Russia seems to have entered a frenzied rage in response to the 'Soviet Occupation' decree of Interim President Mihai Ghimpu.
The first to respond was Foreign Minister Lavrov. He described the decree as 'sacriligious' and accused Ghimpu of 'pseudo-historic interpretations' and of trying to 'rewrite the common history of our two nations'. He believes that Ghimpu is trying to 'break existing stability mechanisms on the Dniester river'
'Sacrilege' is the 'violation of a sacred object'. What is the sacred object that Ghimpu has violated? Is it the belief that Russia liberated Moldova from Romanian fascists? If so, then it needs to be violated because it is not the truth, just as Galileo violated the sacred belief that the sun rotates about the earth.
As for 'rewriting common history', I think that the key word here is 'common'. Moldova was never a party to the 'victor's history' as written by the Soviets. There is no common history to rewrite. There is just the truth that needs to be told.
Regarding the 'stability mechanisms on the Dniester' Lavrov is well aware that the main source of instability in the region is the Russian forces illegally dislocated in the region and the military threat they pose to Moldova. Such 'stability mechanisms' need to be broken.
The State Duma
The Duma also lost the plot and produced an angry, emotional statement. As well as the terminology used above by Lavrov, they managed to produce a few pearls of their own. Moldova, apparently, is a 'source of regional instability which could lead to the abandonment of democratic principles and a return to neo-fascism'. The Duma also suggested that Ghimpu's decree would 'strike a blow at the possibility of settling the Transnistrian conflict'.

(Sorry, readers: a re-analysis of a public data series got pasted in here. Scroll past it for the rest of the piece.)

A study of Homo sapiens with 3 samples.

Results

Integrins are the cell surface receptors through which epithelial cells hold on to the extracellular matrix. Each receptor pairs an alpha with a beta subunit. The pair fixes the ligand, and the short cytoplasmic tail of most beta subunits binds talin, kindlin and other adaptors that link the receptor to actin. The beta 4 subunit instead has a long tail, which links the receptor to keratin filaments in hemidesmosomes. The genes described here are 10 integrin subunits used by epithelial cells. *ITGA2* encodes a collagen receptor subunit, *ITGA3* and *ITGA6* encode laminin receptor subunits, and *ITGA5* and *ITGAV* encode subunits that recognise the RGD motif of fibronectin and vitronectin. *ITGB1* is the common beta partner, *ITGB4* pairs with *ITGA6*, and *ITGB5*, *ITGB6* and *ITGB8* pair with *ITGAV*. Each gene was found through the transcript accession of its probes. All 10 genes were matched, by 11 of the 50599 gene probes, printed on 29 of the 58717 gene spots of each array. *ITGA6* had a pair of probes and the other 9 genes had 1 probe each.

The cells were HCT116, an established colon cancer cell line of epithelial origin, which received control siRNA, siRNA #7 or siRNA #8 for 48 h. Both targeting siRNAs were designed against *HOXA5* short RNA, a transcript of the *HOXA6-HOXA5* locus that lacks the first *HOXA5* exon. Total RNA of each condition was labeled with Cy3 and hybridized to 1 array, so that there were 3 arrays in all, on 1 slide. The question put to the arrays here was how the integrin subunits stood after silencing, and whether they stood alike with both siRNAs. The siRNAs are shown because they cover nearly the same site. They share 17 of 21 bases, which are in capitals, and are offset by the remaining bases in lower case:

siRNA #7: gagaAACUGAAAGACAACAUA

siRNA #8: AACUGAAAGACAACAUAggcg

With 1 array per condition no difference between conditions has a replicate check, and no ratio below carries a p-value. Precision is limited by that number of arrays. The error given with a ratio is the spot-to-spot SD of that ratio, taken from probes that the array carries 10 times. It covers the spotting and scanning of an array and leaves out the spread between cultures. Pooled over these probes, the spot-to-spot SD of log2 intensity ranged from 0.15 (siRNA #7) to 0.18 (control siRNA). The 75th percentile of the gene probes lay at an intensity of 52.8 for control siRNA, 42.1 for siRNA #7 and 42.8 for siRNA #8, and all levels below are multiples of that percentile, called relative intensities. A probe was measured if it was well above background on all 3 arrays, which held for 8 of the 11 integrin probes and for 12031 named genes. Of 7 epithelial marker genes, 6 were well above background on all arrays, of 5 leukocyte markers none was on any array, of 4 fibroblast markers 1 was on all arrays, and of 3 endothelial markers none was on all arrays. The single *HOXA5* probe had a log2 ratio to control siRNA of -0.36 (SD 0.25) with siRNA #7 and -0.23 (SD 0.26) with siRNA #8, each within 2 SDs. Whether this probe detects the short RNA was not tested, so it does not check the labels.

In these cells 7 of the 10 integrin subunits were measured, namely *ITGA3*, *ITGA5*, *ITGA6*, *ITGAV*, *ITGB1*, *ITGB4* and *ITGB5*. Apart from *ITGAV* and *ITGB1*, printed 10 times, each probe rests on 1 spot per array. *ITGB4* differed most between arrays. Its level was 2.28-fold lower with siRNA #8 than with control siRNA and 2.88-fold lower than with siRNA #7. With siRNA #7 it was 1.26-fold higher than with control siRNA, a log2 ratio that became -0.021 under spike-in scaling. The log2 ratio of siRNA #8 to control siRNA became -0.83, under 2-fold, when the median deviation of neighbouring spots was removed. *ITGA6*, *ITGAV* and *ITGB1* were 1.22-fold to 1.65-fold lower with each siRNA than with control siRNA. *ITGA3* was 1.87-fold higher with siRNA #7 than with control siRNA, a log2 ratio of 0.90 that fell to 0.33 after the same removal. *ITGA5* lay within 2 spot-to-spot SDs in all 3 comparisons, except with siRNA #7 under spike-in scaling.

I suspect the 'instability' comment is a reflection of Moldova's return to democracy. Russians generally don't get democracy and equate it with weak unstable government. The idea of power changing hands peacefully is incomprehensible to most of them.
The 'neo-fascism' comment is a cheap shot which bears little relationship with reality, but is designed to ring bells in the minds of listeners.
As for endangering the settlement of the Transnistrian conflict, I would suggest the opposite. Moldova's position is now crystal clear and that has to be a good thing.
I note that neither Lavrov's statement nor the Duma's contain any logical arguments against the content of the decree. Indeed it appears that they may not even have fully read the decree nor attempted to understand it. Russia has instead responded on instinct, assuming that Ghimpu is another Saakasvili or Yusenko who is standing in the way of their imperial ambitions and needs to be brought down a peg or two.
The Liberal Party this morning issued a statement condemning the tone of the Duma's declaration. Other Moldovan political parties, even those on the left, together with the EU and the US should support the statement. No matter what they think of the content of the decree, they should rally around and defend the office and the dignity of the President of Moldova. They should support Moldova's sovereignty and territorial integrity and send a clear message to Moscow that it has no business interfering in Moldova's internal affairs.